Fairmont State University’s American Society of Civil Engineers Student Chapter continues its tradition of excellence and for the 16th consecutive year will represent the region at the National Concrete Canoe Competition (NCCC). The team holds record for the most consecutive national appearances at the NCCC.
Fairmont State University’s ASCE Student Chapter won first place in the Concrete Canoe Competition at the 2019 Virginias Conference, hosted by George Mason University, March 28-March 29 The team placed first in the technical paper and final product, second in the presentation, and first in all five races.
Team members participating in the weekend competition were Team Captains Jared Neehouse, Sammy Jesmer, and Austin Kozul, along with Garrett Devericks, Miranda Guentert, Kevin Watkins, Taylor Farnsworth, Harrison Moore, Addison Watkins, Lauren Johnson, Ben Costello, Cody Kropp, Hannah Workman, Ryan Menendez, James Pheasant, Brad Wyne, Devan Wilson, Jonathan Wright, and Austin Young. Assistant Professor Tabitha Lafferre serves as ASCE faculty advisor.
“Fairmont State University’s Civil Engineering Technology students are very proud to represent both the state of West Virginia as well as the Virginia’s Conference at the National Concrete Canoe Competition this year. The team has worked very hard to deliver a superior product that aligns with the theme selection,” Lafferre said. “The team worked extremely hard to create a mix design that would adhere to strict rule specifications and float on the water while yielding the desired consistency. I am very proud of the chapter and all of the students that have worked so hard this year.”
The conference brings together 14 schools from West Virginia, Virginia, and Washington, D.C., and provides students a chance to gain valuable hands-on experience by competing in many engineering-related competitions. Of the 14 participating colleges and universities this year, seven produced concrete canoes for the competition. The students must follow strict rules that dictate the contents of the concrete matrix in building the canoe and, of course, the vessel must float, to be eligible to compete in the races. Fairmont State won the first of its regional titles in 2004.
"This year’s regional competition win can be attributed to the immense amount of work put in by everyone leading up to our day and a half in Fairfax – resulting in over 2000 man-hours towards every aspect of the project,” said Captain Jared Neehouse. “I could not be more proud of the canoe we were able to produce as a team, and I am excited to continue working with everyone as we gear up for the national competition!"
The canoe is named “The Fossil” this year, a tribute to West Virginia coal mining discoveries. The state has uncovered a large part of its natural history through fossils. The coal-mining industry in West Virginia contributed significantly in these discoveries during and after the Industrial Revolution. Fossil trackways are revealed on the ceiling of tunnels as mine excavation progresses. Of course, these fossils are preserved over millions of years. Likewise, the Fairmont State University Concrete Canoe Team presents The Fossil with a goal of increasing longevity of the team while making a lasting impact on the community of Fairmont, West Virginia.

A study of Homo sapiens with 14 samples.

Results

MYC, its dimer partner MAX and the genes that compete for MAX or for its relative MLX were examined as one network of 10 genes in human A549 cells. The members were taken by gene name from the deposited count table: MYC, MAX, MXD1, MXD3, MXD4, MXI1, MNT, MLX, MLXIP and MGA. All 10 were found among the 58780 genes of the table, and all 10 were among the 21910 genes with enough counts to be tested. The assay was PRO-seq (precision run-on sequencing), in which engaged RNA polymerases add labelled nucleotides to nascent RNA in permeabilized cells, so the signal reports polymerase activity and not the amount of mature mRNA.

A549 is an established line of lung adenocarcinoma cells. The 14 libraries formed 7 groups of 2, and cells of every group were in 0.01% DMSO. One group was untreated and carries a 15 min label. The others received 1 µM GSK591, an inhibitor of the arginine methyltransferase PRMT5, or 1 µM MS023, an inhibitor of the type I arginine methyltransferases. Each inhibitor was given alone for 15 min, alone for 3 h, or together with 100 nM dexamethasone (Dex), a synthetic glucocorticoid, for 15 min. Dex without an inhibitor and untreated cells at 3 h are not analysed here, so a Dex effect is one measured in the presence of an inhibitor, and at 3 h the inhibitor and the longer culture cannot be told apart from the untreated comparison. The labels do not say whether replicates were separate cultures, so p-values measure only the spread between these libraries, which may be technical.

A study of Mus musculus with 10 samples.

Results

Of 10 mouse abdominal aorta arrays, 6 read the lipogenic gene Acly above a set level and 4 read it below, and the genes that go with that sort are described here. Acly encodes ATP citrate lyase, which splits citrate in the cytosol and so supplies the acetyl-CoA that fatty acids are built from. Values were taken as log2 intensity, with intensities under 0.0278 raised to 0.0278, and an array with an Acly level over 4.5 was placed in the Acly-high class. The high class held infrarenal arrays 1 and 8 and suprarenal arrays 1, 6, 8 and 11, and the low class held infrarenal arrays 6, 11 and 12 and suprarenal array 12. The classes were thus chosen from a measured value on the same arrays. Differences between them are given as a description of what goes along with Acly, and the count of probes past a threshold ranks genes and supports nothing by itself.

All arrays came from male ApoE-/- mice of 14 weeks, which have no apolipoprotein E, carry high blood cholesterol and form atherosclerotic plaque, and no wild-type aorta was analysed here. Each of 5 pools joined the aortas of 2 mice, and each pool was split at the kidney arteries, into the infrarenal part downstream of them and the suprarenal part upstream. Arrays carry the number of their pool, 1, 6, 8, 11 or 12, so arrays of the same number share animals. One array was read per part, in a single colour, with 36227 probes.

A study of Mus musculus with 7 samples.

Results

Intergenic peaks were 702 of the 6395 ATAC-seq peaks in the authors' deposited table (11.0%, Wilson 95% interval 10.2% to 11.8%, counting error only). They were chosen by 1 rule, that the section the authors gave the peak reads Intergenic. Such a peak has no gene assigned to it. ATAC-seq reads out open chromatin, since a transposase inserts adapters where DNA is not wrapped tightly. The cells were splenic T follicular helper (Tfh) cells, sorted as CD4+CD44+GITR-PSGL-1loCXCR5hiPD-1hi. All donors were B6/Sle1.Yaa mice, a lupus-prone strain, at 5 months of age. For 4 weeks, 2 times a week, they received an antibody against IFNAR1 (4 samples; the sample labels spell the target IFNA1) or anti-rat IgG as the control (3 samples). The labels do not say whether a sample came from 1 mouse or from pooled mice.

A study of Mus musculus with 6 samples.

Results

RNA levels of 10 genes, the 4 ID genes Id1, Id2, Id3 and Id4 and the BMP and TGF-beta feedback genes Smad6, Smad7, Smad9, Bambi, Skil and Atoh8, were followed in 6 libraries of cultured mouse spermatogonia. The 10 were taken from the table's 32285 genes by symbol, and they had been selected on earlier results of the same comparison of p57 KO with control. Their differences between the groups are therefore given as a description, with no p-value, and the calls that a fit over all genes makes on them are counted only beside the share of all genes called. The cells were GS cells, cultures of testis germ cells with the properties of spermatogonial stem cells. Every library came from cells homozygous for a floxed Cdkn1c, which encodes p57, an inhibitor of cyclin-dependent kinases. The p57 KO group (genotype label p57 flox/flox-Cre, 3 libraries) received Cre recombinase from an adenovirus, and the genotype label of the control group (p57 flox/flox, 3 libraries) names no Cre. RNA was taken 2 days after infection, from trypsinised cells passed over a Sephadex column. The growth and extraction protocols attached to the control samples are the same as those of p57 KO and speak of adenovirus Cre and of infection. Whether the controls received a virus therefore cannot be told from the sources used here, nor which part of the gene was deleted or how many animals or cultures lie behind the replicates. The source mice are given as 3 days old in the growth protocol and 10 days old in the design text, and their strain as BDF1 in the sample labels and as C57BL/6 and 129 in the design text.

“The Fossil” is just over 18 ½ feet long, with a max width of 27.75 inches, depth of 14.5 inches, and 5/8 inch thickness. The dry unit weight of the concrete is an average of 55 pcf and the overall weight is approximately 270 pounds. With sustainability in mind, the team used the casting tables and portable humidification chamber constructed last year. Material donations from local supplies allowed the team to keep the cost of this to a minimum.
As part of the build up to the national competition the team will host a benefit dinner from 5:30 to 9:30 p.m. Friday, May 3, at the Knights of Columbus, 1529 Mary Lou Retton Dr., Fairmont. This benefit dinner will act as the main fundraiser as the team begins planning their trek to Melbourne, FL. To purchase tickets or for more information about the dinner, contact Tabitha Lafferre via email, firstname.lastname@example.org, by Tuesday, April 30. Individual sponsorships are $100 at the Platinum level, $50 at the Regular level and $25 for students; children age 5 and younger are admitted for free. Corporate sponsorships also are available.
The event will begin with a meet and greet and cash bar with music provided by concrete canoe alumni Brandon Howdershelt and his band. The dinner buffet will begin at 7 p.m.
The 32nd Annual ASCE National Concrete Canoe Competition will be June 6-8, at the Florida Institute of Technology in Melbourne, FL.
Founded in 1852, the American Society of Civil Engineers (ASCE) represents more than 137,500 members of the civil engineering profession worldwide, and is America’s oldest national engineering society. ASCE’s vision is to position engineers as global leaders building a better quality of life. Visit www.concretecanoe.org and asce.org.
Fairmont State’s ASCE will host a Summer Technical Conference for professionals and technicians to earn six professional development hours. The event with the theme “Engineering the Future Together will take place on campus from 8 a.m. to 4 p.m. Tuesday, June 4th, in Room 305 of the Engineering Technology Building. Sponsored by the WV DOH, qualifying WV DOH employees can attend the conference for free.
For more information, contact Tabitha Lafferre at email@example.com.